Our sense of touch shows us the shape, size and "feel" of our world.
Discussing the helpful aspects of this sense leads down many interesting pathways.
We are kept SAFE by learning to avoid touching a burner or a flame, a sharp edge or point, very cold metal, ........ any other suggestions?
Our feelings are HAPPY when we stroke a dog, when we get a hug, when ..... ?
Our feelings are SAD when we run into something hard, cut our finger, .... ?
We wonder why we ITCH and why scratching that itchy nose relieves it.
Then the TICKLING CONUNDRUM is simply in a class of its own. Why does tickling make us laugh? Why are certain parts more ticklish than others? Why can't we tickle ourselves? Why is tickling funny for only so long, then it make us peevish? So many great questions arising from scientific cogitation, many are unanswerable to us but maybe we can find an expert who will help us with answers.


The body organ used for touching is the SKIN. Every bit of skin all over our bodies, including our nails, is used for touching. The nerve endings in the skin send signals to the brain, the brain analyzes the signals and registers the effect of the touch, then signals the reaction to the rest of the body. Some sections of the skin are more sensitive than others. To demonstrate this take an object with an irregular surface (a Ping-Pong paddle works well) and touch it to the elbow, the knee, .... anywhere but the hand, and try to identify the surface characteristics. Finally touch the paddle to the fingertips. The fingertips win "hands down" in the high sensitivity touching contest!



Make your own touch surfaces by coating index cards with glue, then spreading on separate cards items such as popcorn, sugar, flour, seeds, sand, paper, soil, etc.
Put each card in a separate, numbered paper bag and have each student reach into each bag and identify each surface.
Younger students can be helped by having a duplicate reference set of cards available to compare, older students are on their own!
(This is also a good time to get some "expert" help by asking students for suggestions as to surfaces you could add to the activity next time!)


This time put in each numbered bags a sample from a variety of fabric items such as: a towel, a sock, a tee-shirt, denim or corduroy jeans, a sack, a lace curtain, something suede, something furry, and so on. The rules are the same as the Surface Quiz above.


Chart some different touch sensations, determine their opposites and select common items and chart their touch characteristics.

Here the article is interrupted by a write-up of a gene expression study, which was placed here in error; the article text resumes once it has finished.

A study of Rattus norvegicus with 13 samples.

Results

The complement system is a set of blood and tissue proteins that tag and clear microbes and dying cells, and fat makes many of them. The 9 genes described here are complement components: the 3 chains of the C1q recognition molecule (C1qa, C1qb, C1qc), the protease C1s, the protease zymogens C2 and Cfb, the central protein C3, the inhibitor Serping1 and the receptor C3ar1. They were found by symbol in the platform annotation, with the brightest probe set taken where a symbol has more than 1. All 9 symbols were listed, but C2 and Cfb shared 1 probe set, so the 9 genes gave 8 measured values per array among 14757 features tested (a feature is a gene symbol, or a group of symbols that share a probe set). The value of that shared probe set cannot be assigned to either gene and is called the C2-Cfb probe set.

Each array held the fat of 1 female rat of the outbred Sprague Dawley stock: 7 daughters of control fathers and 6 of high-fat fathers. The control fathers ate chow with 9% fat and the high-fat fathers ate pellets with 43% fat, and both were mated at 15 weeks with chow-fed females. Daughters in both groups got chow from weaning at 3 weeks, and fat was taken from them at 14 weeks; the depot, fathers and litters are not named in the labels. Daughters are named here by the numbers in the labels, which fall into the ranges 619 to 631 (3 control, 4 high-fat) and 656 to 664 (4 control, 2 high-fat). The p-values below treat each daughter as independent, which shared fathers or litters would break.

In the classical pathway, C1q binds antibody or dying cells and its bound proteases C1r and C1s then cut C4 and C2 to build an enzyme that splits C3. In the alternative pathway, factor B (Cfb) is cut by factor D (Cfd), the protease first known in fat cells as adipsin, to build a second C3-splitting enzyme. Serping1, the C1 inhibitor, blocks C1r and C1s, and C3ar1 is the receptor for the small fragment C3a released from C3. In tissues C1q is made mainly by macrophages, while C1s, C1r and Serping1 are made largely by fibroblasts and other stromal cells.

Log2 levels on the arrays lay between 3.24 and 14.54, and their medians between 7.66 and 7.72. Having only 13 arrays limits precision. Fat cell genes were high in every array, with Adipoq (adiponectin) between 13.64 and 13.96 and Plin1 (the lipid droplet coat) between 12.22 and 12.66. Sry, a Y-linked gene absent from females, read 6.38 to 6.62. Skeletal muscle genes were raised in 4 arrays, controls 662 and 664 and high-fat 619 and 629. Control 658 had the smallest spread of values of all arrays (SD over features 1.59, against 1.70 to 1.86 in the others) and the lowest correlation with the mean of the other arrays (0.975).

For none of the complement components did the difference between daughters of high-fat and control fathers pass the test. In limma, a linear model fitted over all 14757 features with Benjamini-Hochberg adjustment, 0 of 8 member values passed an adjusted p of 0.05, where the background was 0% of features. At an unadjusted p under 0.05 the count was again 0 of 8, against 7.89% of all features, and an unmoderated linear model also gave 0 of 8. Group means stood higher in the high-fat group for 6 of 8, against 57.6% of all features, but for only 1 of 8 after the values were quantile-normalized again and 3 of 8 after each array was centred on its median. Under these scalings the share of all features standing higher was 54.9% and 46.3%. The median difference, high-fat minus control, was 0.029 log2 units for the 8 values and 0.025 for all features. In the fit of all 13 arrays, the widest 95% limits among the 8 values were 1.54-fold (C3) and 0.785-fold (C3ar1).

Here's a touching story.
It is a warm day, I can really feel the heat on my face when I turn it up to the sky. As I walk along the soles of my bare feet are feeling something hard, hot and ridged. I turn and go down steps which feel the same, I hold onto the rail which also feels hot, hard and ridged against my palm. At the bottom of the steps my feet land on a soft surface which gives way with each step I take. After walking for a few minutes the ground feels hard and soon my feet are wet, air is gently blowing on all of my body. With each step my legs are getting wetter. I stop walking when I feel my knees getting wet. I turn around, see a friend in the distance and walk towards her. My foot comes down on something squishy and slimy in the water - Yuck! I run back to the beginning, up the steps and don't stop until my feet feel that hard ridged surface again. Where have I been?


Scientists are researching and investigating the sense of touch with very interesting results. They have invented artificial hands to work robotically in places where human hands cannot work; places such as deep space or tiny spaces, places where there are dangerous conditions or materials, places where the robot hand can be remotely controlled. To make such robots the inventors must examine exactly how our hand and brain work together when we use our sense of touch, and then copy it into a machine.
Imagine the scientist who must invent a robot hand to take the cap off a bottle of dangerous liquid.
First she must carefully watch a person do it, paying attention to each step ....
How slowly our fingertips reach the cap (so as not to tip it over),
How hard we grasp the cap (too tight will crack the bottle, too loose it slips),
How gently we turn the cap until it is loose,
and finally how gently we lift the cap off.
There are a lot of scientific actions involved in opening a bottle!

Look at A GRASPING ROBOT to see how an actual robotic hand operates.

More information will be found with the following links to:

For an entertaining book about touch and the other senses, read:
"What Can It Be? Riddles About the Senses" by Jacqueline Ball.